Government eyes US$1 billion diamonds target

The government is confident of reaching the US$1 billion diamonds target

ZIMBABWE  will meet the US$1 billion revenue target from the sale of diamonds this year owing to an increase in performance by diamond producers, a senior government official has revealed .

The government launched an ambitious plan to transform the mining sector into a US$12 billion export industry by the end of 2023.

The plan was launched in October 2019 declaring mining as a key pillar to sustainable economic growth. An achievement of that target would represent a 275% jump from the US$3,2 billion realised through exporting mining commodities in 2018.

The blueprint targets a gold output of US$4 billion per year with platinum at US$3 billion. Diamond mining and polishing was set at US$1 billion, equal to the combined target of chrome, nickel and steel. Coal, hydrocarbons, lithium and other minerals were projected to contribute the remaining US$3 billion.

Mines permanent secretary Pfungwa Kunaka expressed confidence that the country would meet the US$1 billion target this year spurred by improved production.

“We will meet the target. All producers are selling now unlike last year when little was sold for the better part of that year. Production performance by the producers has improved quite significantly," he told Standard business.

 He said the Ordinary Meeting of the African Diamond Producers Association (ADPA),  which was held in Victoria Falls last week, was a forum to discuss matters pertinent to production and marketing of diamonds and strategies that ensure African member countries approach issues from an informed position on the international diamond arena.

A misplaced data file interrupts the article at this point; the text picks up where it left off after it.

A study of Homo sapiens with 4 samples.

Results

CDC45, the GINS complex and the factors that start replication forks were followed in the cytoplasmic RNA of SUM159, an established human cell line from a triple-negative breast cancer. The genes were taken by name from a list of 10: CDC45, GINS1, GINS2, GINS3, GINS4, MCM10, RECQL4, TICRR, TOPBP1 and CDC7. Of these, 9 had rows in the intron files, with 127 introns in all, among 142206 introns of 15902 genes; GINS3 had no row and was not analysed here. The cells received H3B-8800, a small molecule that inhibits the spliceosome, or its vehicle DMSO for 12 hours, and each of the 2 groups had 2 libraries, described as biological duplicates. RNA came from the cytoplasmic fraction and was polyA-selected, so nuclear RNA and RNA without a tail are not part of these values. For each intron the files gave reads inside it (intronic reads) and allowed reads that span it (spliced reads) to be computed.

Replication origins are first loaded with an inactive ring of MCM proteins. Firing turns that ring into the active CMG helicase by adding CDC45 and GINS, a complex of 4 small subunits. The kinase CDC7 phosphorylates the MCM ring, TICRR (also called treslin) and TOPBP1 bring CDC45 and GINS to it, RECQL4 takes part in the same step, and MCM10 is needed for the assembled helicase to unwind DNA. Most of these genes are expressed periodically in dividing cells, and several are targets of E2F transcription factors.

He said as Zimbabwe assumed the chairmanship of ADPA, replacing Tanzania, the discussions would  add impetus to the attainment of the US$12 billion mining sector under which diamonds should contribute at least US$ 1 billion.

However, the developments come at a time the country is reviewing the Mines and Minerals Amendment Bill which is currently before Parliament and has on several occasions been criticised for failing to include clauses that will effectively regulate mining activities.

The archaic 1961 legislation is being revised because it has no provisions to handle disputes over mining titles, corruption in the mining sector, environmental degradation, human rights violations and revenue leakages in the sector.

In a consolidated analysis titled: Analysis of the Mines and Mineral Bill HB10 2022, Zela said a comprehensive, regulatory, administrative and institutional mining framework was crucial to the creation of a competitive investment environment for Zimbabwe’s mining sector.

In 2018, President Emmerson Mnangagwa sent the Mines and Minerals Amendment Bill back to Parliament saying it still had  areas that needed to be addressed before he could sign it into law.